On 14 November 2023, a Flintshire man was convicted at Mold Magistrates’ Court for working illegally at a holiday park in North Wales.
Joel Williamson pleaded guilty at the first hearing and was sentenced to a total fine of £212, including £100 contribution towards prosecution costs and a victim surcharge of £32. The fine itself was reduced from £100 to £80 because of the early guilty plea.
The case began in October 2022, when Williamson approached a security provider to enquire about employment as a security operative. Williamson told his would-be employer that he had completed all his relevant security training courses and that he had a valid SIA (Security Industry Authority) door supervision licence.
Williamson was asked by the employer to provide a copy of his SIA licence; however, he told the security company that his actual licence was still in the post.
Williamson started work at a North Wales holiday park in October 2022, carrying out the following duties in the capacity of a door supervisor: patrolling the park and attending any incidents of disorder.
His employer made multiple requests to Williamson to provide his physical SIA licence card as proof of being licensed. Williamson continued to provide various reasons as to why he was unable to do so.
He was subsequently dismissed by his employer in March 2023, for failing to provide adequate proof of having a valid SIA licence.
In March 2023, the SIA received information from North Wales Police that Joel Williamson had been working illegally for four and a half months as a security operative at a holiday park. The SIA began a criminal investigation into Williamson’s activities and wrote to Williamson on 5 June 2023.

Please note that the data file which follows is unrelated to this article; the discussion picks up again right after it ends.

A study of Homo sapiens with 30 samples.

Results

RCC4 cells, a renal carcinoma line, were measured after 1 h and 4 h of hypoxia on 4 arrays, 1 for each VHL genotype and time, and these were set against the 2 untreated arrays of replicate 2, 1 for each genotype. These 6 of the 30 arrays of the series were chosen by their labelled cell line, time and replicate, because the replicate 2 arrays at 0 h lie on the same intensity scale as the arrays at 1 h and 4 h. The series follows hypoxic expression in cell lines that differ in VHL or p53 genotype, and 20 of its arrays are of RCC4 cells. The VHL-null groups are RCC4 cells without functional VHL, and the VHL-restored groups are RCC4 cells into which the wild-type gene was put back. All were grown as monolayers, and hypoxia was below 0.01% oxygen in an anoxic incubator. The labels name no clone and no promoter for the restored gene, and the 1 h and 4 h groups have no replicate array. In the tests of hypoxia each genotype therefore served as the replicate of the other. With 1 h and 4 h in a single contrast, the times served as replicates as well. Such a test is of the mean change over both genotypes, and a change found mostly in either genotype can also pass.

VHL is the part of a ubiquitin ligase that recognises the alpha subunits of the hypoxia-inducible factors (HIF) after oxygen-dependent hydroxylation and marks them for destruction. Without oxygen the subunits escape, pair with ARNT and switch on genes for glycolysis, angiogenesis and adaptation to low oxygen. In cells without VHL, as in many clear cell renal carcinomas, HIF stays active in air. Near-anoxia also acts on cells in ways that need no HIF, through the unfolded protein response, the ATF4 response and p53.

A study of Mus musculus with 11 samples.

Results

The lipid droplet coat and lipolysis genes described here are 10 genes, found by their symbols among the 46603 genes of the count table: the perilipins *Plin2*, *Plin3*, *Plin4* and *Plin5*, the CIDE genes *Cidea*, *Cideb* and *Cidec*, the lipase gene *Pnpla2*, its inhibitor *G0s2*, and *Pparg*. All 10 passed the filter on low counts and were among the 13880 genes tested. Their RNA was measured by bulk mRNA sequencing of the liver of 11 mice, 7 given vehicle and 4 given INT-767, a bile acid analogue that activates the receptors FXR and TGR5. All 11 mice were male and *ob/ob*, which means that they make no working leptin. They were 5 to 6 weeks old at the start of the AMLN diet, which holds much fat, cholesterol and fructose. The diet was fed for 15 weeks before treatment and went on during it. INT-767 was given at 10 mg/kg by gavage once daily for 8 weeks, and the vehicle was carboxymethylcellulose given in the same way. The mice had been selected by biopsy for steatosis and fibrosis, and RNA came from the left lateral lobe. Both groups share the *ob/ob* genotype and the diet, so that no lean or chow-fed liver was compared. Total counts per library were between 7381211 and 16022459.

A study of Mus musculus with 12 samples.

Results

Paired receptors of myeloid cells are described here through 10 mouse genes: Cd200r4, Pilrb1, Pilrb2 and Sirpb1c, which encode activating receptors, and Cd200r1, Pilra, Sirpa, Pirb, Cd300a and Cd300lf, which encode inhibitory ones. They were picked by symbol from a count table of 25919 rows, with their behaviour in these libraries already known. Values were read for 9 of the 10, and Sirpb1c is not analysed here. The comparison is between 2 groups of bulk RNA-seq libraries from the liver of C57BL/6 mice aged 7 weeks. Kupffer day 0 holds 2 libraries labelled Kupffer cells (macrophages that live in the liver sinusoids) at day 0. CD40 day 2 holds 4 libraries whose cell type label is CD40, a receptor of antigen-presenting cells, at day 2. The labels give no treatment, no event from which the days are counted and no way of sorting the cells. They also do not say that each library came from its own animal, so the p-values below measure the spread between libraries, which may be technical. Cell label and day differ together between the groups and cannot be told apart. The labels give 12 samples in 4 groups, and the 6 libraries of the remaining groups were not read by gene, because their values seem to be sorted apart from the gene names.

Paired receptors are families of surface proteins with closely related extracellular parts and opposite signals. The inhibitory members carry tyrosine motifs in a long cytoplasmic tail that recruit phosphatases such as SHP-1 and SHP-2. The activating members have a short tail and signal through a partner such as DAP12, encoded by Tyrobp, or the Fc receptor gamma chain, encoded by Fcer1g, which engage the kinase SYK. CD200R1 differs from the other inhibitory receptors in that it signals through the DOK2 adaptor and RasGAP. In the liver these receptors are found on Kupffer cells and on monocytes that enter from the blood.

Williamson was interviewed in Mold, North Wales on 7 June by SIA criminal investigation officers and admitted to engaging in licensable conduct without a licence. It was established that Williamson did not have an active SIA licence and had never made an application for one.
Williamson claimed to have completed a security industry training course and believed that by doing so, this would make him SIA licensed.
Mark Chapman, one of the SIA’s criminal investigations managers, said:
“Mr Williamson worked for four and a half months while falsely claiming to be a licensed security operative. This created a potential safeguarding risk where he was employed without licence pre-eligibility checks having been caried out.
Mr Williamson’s actions took away legitimate work from genuine SIA licence holders. As a result, he has incurred a fine and a criminal record. Those who fall foul of the licensing regime and choose to circumvent it bring the private security industry into disrepute and undermine the key purpose – which is public protection”.